Scythe Ninja 5 CPU Cooler Review

Performance

Performance of the Ninja 5 cooler has been tested on two test platforms – Intel Coffee Lake and Skylake-X. Tests were performed at default processor settings.

The Coffee Lake platform includes the i5-8600K, six-core processor which is installed inside the ATX PC case. Results on this processor are compared to Corsair H80i AIO cooler.

The Skylake-X platform includes the i9-7900X ten-core processor which works on an open space/test-bench. Results on this processor are compared to custom water cooling which is based on the Watercool Heatkiller waterblock and dual 360mm radiators.

Idle – tests without any significant load, programs, and Windows services run in the background.

Mixed Load – load based on PCMark 10 tests so various, popular applications.

Max Load – CPU/FPU tests in AIDA64 stability test.

All temperatures are in the Celsius scale.

 

Test 1  – Coffee Lake / i5-8600KThe i5-8600K seems like a less demanding processor but under full load temperature is going up really quick. Especially that our processor is not delidded or modified in another way.

Idle temperature is not really important but in mixed load tests, we can already see that the Ninja 5 is a bit better than the H80i AIO. Under full load, the difference is about the same but what you can’t see in the table is that the Ninja 5 is still quiet while Corsair cooling requires nearly twice as high fan speed to keep the temperature low. Just as a reminder, the Kaze Flex fans spin up to about 800 RPM while used in Corsair AIO fans can pass 1500 RPM.

Quick conclusion. If you don’t have space for an additional radiator and care about cooler’s price then Scythe Ninja 5 can replace popular AIO coolers and doesn’t cost as much. Also, great fans keep your CPU cool and don’t make unnecessary noise.

 

Test 2 – Skylake-X  / i9-7900X

The second test is harder just because the i9-7900X processor uses much more power under load. Considering its wattage, I think that results are still good. Our custom water cooling has a much higher thermal capacity and under full load, the difference is about 8°C. We could expect more considering how much this cooling cost. The Ninja 5 handles ten-core CPU well and is quite cheap. It’s also about the best air cooling you can get.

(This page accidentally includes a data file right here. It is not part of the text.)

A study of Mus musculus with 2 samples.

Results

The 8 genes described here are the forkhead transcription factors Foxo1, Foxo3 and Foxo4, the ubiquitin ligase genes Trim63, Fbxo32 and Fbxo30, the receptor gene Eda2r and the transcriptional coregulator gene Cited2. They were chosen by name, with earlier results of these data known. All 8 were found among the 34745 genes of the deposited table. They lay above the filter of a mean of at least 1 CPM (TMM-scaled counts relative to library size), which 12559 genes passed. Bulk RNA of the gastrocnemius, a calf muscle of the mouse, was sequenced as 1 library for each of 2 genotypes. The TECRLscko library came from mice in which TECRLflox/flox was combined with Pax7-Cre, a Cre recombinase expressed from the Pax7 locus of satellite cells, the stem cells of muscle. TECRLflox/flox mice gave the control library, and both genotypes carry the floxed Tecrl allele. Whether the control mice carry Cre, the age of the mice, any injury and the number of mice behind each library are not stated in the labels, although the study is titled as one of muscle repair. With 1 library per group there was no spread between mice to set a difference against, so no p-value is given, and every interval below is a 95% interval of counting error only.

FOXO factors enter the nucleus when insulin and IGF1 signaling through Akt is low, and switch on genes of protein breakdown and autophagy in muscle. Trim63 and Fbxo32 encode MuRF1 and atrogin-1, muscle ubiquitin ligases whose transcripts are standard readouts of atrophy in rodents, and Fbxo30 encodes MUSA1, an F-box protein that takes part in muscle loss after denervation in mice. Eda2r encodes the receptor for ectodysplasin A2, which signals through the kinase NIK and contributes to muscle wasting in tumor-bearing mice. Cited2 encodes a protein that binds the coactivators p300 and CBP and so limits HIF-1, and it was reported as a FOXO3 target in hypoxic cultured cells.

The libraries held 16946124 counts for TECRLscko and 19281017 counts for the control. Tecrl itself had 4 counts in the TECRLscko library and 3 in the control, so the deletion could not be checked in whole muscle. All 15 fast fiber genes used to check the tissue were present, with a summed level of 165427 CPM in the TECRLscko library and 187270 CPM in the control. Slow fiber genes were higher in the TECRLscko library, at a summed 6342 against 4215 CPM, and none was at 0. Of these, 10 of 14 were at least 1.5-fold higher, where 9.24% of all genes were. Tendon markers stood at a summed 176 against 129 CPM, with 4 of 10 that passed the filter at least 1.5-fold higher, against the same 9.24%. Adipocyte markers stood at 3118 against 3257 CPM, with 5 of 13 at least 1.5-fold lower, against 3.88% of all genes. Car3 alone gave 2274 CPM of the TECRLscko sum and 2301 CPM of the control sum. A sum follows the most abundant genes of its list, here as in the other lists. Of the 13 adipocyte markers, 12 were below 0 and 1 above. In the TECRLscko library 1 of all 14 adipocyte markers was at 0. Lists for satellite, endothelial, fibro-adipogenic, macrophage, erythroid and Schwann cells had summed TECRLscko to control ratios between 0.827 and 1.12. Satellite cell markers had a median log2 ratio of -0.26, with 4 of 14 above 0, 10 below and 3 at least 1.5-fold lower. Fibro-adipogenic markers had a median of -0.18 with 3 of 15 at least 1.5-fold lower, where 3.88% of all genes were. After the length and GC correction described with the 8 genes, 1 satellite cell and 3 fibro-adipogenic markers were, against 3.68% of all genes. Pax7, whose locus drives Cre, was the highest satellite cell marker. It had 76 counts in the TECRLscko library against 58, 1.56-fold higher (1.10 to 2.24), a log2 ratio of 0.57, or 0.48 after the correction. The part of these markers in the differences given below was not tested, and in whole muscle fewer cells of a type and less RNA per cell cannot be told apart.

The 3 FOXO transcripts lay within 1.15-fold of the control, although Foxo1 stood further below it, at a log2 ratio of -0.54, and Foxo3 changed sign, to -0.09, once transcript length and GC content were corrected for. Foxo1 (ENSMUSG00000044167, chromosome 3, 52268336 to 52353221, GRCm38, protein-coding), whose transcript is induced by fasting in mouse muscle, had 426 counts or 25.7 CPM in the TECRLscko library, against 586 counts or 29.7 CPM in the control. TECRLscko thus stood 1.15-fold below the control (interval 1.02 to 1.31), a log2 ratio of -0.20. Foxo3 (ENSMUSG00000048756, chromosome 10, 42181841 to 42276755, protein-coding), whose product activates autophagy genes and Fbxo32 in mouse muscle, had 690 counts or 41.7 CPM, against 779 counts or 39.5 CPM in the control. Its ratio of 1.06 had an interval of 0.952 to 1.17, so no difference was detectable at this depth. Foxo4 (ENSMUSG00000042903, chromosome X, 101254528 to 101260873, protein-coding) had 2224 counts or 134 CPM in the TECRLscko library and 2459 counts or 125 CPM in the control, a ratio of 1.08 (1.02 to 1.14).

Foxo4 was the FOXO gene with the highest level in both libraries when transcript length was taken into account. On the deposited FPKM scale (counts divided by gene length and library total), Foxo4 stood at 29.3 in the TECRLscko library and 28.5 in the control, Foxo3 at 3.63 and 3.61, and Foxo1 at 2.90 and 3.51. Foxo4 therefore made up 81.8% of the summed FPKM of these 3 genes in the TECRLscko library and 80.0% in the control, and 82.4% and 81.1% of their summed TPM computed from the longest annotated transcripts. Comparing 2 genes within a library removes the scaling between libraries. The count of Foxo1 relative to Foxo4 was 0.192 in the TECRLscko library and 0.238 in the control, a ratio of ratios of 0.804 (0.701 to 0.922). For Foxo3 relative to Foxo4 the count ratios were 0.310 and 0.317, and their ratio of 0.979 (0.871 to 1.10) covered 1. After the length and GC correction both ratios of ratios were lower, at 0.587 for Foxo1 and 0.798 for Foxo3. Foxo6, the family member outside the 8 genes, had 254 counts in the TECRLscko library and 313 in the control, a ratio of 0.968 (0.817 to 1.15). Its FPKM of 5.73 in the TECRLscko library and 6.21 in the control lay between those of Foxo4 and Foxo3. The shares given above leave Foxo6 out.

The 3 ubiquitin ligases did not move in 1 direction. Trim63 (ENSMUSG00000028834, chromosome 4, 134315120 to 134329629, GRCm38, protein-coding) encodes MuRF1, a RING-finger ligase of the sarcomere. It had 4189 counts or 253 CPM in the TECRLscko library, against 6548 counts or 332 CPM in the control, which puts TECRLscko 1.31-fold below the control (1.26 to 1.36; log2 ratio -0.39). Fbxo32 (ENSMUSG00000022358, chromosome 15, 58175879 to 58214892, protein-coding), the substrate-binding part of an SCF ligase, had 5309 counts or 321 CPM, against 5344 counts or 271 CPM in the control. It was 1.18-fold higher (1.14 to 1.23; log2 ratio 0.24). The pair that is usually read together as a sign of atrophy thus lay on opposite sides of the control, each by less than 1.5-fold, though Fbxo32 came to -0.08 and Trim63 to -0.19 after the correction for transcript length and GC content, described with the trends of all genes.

Overclocking is already a challenge. The i9-7900X can go over 300W under full load at 1.2V what is about the maximum for the Ninja 5 cooler. We were able to stabilize our CPU at 4.7GHz and about 1.20-1.22V. However, the temperature under full load at these settings was above 90°C, just below maximum safe values. Even custom water cooling is not much better in this case as our maximum frequency was 4.8GHz at 1.25V.

If you are looking for a cooler for Skyake-X processor then Scythe Ninja 5 is a good option which I can recommend. If you expect better results then there is only large custom water cooling which cost much more. I just think that most users could spend that price difference on a larger SSD or better graphics card.

 

Bartosz Waluk aka Woomack is from Poland. He's been interested in computer hardware and extreme overclocking for over 15 years. Bartosz has also over 12 years experience in IT what includes sales, technical support and computer building ... but not only. He joined the Funky Kit team in January 2013.